The first Boeing 747 flight took place on February 9, 1969. Today, exactly 47 years later, the Boeing 747 is one of the most recognizable aircraft in the world. The mesmerizing video above documents the airplane's first flight, as well as the process that went into manufacturing the aircraft.

The Boeing 747, which also came to be known as the "Jumbo Jet," was conceived at the very start of commercial jet travel in the 1960s. During its construction, Boeing had a team of some 50,000 people–mechanics, construction workers, engineers, secretaries and administrators–who were nicknamed "The Incredibles," as they worked to make the superjet become a reality in 16 months.

In the year of its first flight, TIME magazine dubbed the jets "harbingers of a new era in aviation." As the video explains, the space required to construct the world's most monumental aircraft was monumental in itself; at 200 million cubic feet, its factory was the world's largest building by volume.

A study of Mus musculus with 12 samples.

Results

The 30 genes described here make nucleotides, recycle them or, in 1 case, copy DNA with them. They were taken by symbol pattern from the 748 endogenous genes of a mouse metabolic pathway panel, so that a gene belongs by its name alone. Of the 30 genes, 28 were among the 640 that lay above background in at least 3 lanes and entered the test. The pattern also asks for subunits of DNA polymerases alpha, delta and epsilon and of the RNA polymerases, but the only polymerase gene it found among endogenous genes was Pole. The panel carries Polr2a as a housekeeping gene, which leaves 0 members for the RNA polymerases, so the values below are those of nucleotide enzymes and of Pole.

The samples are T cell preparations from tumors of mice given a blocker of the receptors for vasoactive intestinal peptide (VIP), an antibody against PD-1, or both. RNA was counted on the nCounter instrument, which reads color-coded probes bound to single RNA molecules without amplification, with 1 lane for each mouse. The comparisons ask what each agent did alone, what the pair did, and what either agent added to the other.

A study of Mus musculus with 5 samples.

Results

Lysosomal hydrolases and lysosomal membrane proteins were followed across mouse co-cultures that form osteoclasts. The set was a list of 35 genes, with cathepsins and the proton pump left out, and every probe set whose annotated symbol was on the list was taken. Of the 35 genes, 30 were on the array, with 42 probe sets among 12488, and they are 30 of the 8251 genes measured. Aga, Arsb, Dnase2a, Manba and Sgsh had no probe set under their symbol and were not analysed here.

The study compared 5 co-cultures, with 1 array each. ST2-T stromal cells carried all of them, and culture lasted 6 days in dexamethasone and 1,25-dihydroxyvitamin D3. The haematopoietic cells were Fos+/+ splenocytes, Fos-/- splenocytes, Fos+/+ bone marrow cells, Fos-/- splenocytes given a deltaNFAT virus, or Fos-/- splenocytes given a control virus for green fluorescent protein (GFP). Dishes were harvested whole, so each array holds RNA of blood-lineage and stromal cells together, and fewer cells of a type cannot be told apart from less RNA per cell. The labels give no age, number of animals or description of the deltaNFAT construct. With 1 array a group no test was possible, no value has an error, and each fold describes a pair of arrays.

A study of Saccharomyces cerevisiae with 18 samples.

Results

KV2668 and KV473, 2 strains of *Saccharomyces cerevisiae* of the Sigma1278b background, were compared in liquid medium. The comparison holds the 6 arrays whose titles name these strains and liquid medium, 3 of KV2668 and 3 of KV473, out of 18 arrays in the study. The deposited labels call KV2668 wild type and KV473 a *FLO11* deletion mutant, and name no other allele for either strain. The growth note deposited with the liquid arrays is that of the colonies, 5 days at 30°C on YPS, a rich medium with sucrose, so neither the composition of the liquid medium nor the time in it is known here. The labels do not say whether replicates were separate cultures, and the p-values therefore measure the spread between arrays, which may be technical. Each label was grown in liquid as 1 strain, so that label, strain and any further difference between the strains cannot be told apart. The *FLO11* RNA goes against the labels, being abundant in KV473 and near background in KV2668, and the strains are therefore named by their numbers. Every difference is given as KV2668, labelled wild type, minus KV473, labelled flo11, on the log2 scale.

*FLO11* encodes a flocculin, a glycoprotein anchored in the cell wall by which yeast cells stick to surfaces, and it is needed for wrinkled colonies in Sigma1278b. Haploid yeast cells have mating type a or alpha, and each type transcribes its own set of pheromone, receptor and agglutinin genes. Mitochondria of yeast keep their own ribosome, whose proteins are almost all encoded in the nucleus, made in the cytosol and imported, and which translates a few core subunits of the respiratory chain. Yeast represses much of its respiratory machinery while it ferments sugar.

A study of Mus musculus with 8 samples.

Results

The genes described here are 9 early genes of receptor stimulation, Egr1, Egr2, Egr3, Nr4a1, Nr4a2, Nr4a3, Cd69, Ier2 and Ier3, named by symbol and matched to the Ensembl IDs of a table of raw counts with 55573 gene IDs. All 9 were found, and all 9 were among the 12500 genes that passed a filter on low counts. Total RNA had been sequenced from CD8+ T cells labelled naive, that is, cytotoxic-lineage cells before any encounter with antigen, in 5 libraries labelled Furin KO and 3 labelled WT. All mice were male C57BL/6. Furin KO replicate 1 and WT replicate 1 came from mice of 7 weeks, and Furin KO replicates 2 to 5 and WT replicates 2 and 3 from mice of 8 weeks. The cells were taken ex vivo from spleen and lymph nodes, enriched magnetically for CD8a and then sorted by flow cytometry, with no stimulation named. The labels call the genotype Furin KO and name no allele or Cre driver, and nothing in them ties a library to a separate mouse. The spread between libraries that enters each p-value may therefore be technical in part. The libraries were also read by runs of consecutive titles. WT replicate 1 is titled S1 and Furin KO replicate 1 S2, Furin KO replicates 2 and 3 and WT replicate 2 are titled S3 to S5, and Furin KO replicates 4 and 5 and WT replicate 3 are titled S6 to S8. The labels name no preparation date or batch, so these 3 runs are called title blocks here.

The prototype Boeing 747 being revealed to the public on September 30, 1968. (Photo: Public Domain/Wikipedia Commons)

At the time, it was believed that the 747 would be very quickly followed by supersonic aircraft such as the Concorde, which could exceed the speed of sound. However, the 100-seat Concorde failed where the 400-seat Boeing 747 prevailed, and supersonic transport was shelved by 2003.

However, the Boeing did not have a consistently good reputation. Within its first months of commercial use, passengers were treated to defective air conditioning, blinking cabin lights, and "long lines in front of the twelve toilets." Shortly after its launch, TIME published an article bemoaning the rise in air travel that came with the Jumbo Jet:

Their great engines foul the air with noise and noxious fumes; their proliferating numbers crowd the airways with dangerous traffic jams. Each new plane seems to bring more problems than the last."

Despite its initial gremlins, however, the Boeing 747 went on to cut the most recognizable shape in the air, earning itself the title "Queen of the Skies."